Archive
  • On covers
    I’ve been thinking about covers for a while now. One of the many great debates around the ephemeralisation of music has been the lamentations for the loss of cover art: now, we are reaching the same point with books. I say ephemeralisation rather than digitisation because it’s not just a physical transformation we’re going through, it’s a cognitive one. I’ve been repeating Walter Pater’s famous quote in my head a lot: “all art aspires to the condition of music”. Pater argued that “For while in all other works of art it is possible to distinguish the matter from the form, ...
  • At Port Eliot
    A quick note to say that I’ll be at the Port Eliot festival this weekend, and MENACE and I will be appearing in the Round Room at 2pm on Saturday, alongside Keith Albarn and David McCandless (of Information is Beautiful) as part of the World of Wonders. Say hello if you’re about, and any tips for other things to see gratefully received....
  • On waves
    “The French Revolution aroused and then disappointed Wordsworth, causing him to seek consolation in universal nature; it made Byron a rebel, and Southey a laureate; but it gave birth to Shelley. And the chief effect of the revolution on English life and thought is to be sought in literature rather than in politics. The great wave that broke over Europe in the roar of the Napoleonic wars spent its strength in vain on the political structure of these islands, but the air was long salt with its spray. And the poems of Shelley, if it be not too fanciful to ...
  • dConstruct 2010
    In September, I’ll be speaking at dConstruct, in Brighton. The theme of the day is design, which I don’t know very much about, and I wouldn’t put much stock by my talk description. Nevertheless, I will be talking about books, I expect, and attempting to close the circle on recent explorations of the book as designed object in time and space, and recent obsessions with loss and destruction in the works of Borges, Sebald, Bevan, Baez and others. And Geocities. You should buy a ticket. Some of the other folk look really good. ...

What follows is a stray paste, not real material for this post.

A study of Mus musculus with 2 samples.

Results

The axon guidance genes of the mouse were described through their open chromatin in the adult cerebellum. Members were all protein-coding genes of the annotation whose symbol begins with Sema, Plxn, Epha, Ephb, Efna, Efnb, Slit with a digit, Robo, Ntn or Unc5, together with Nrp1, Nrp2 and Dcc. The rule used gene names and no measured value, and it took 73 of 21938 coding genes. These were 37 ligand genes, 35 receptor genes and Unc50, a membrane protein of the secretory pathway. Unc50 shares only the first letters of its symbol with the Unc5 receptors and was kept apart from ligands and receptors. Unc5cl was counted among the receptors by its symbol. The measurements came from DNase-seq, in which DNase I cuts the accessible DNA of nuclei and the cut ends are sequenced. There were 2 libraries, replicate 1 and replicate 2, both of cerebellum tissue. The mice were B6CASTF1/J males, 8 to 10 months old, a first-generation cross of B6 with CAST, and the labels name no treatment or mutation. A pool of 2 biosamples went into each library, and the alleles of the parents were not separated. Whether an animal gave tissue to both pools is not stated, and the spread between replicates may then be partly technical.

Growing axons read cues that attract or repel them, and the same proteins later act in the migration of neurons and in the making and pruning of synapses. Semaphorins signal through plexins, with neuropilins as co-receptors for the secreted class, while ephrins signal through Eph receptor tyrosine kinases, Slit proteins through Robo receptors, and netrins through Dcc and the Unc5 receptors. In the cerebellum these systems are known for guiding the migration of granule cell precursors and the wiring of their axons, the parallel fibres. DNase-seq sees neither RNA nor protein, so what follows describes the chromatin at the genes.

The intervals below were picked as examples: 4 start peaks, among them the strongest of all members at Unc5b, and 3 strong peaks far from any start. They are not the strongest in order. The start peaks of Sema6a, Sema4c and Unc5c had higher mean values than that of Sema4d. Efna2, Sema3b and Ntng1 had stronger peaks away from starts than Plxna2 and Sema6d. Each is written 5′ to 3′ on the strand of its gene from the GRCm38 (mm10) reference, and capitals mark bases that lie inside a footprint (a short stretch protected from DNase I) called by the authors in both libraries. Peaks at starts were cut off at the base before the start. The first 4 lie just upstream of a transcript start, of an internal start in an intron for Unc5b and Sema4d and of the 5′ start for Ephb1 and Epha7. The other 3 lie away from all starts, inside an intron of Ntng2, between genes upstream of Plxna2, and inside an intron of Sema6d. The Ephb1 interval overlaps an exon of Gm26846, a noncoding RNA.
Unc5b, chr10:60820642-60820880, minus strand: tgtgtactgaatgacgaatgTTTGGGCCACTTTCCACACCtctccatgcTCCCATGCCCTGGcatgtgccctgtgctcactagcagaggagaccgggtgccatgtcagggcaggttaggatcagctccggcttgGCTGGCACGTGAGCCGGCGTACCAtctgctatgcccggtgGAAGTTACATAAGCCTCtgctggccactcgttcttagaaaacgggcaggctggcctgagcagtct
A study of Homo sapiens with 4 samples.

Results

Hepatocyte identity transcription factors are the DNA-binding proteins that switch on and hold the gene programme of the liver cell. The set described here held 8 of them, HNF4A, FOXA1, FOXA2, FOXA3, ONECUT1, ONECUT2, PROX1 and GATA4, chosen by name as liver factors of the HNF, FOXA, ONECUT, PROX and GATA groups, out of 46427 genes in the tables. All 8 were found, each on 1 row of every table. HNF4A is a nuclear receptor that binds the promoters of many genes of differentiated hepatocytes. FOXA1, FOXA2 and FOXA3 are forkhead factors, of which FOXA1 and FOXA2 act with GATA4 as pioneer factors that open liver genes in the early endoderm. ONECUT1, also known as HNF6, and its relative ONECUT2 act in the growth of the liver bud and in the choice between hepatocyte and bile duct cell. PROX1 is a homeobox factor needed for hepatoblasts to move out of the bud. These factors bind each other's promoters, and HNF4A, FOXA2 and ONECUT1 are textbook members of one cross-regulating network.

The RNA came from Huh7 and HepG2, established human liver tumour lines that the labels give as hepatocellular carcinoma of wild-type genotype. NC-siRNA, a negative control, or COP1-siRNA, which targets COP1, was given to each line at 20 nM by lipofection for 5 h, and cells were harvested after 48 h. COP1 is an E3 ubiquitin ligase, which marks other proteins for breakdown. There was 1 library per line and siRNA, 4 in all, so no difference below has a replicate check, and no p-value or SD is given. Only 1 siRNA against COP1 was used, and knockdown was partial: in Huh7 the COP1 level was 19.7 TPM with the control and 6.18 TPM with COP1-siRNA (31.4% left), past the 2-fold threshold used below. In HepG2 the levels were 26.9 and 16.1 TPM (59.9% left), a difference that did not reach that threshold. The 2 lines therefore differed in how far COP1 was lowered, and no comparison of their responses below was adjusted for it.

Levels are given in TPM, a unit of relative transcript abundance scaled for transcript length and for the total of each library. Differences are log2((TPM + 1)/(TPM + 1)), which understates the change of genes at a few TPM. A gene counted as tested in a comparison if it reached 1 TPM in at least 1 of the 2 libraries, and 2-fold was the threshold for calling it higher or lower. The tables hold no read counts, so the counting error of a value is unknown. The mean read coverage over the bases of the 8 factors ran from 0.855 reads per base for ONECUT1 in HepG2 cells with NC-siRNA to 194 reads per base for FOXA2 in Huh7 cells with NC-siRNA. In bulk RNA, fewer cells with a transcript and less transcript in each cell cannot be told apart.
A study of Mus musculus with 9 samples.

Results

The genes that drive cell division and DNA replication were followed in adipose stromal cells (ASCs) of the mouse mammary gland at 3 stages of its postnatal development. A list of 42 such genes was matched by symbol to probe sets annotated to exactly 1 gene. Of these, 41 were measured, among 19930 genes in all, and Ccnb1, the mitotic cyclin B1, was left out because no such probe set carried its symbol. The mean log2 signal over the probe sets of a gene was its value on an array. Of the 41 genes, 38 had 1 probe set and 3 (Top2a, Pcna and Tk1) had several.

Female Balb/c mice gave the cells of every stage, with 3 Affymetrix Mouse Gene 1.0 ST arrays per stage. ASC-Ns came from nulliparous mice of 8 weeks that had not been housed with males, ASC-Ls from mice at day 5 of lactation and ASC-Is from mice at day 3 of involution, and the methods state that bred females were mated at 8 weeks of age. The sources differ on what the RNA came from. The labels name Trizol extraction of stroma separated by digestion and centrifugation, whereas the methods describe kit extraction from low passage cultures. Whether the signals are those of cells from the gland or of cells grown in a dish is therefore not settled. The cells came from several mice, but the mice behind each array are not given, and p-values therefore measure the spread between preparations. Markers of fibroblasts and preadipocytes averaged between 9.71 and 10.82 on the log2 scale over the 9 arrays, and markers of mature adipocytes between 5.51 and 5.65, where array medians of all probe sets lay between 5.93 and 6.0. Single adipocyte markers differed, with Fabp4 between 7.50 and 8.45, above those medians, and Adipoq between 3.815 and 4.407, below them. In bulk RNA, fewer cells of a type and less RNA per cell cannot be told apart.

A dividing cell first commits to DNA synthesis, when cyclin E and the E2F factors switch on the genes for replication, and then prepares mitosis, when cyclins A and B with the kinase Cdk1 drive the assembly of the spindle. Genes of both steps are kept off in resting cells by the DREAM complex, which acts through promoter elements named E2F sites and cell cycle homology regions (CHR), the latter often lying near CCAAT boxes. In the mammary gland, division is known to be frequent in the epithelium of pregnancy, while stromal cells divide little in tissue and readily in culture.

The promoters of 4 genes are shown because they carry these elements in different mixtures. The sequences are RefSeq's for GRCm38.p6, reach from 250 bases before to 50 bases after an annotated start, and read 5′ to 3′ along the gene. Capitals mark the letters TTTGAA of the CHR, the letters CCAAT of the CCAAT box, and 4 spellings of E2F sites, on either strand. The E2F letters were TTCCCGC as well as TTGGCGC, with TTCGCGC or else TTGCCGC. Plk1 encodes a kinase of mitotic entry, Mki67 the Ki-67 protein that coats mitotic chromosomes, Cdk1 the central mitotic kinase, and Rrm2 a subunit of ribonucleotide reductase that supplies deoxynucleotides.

• Of gays and griots: sexuality, technology and story-telling
    This post is going to talk about sex quite a lot. I’m going to assume you’re all OK with that. For me, technology, literature and sex are all bound up together, and this entanglement can be traced back to a single book: JC Herz’s Surfing on the Internet (Little, Brown; 1994). An exploration of the early net, a travelogue, an explicator of MUDs and MOOs, of chatrooms and founding memes; what was still, then, the Information Superhighway. I read the book in, I think, 1995. Within a month, I had a 28.8 modem and a Compuserve account. It’s probably impossible ...
  • For Hire

    Booktwo.org is the blog of James Bridle, a book and technology specialist with specific expertise in planning and producing web and new media projects for clients in publishing and the arts. If you'd like to hire me, have a look at my CV and portfolio, and feel free to get in touch.

    I am also a member of the Really Interesting Group.

    You can follow me on Twitter.

    Speaking Engagements:

    I am available for conferences and other events. For examples, see my talks at Interesting, Playful, South by Southwest, dConstruct and Tools of Change Frankfurt.

    A complete list of talks, with links, is available.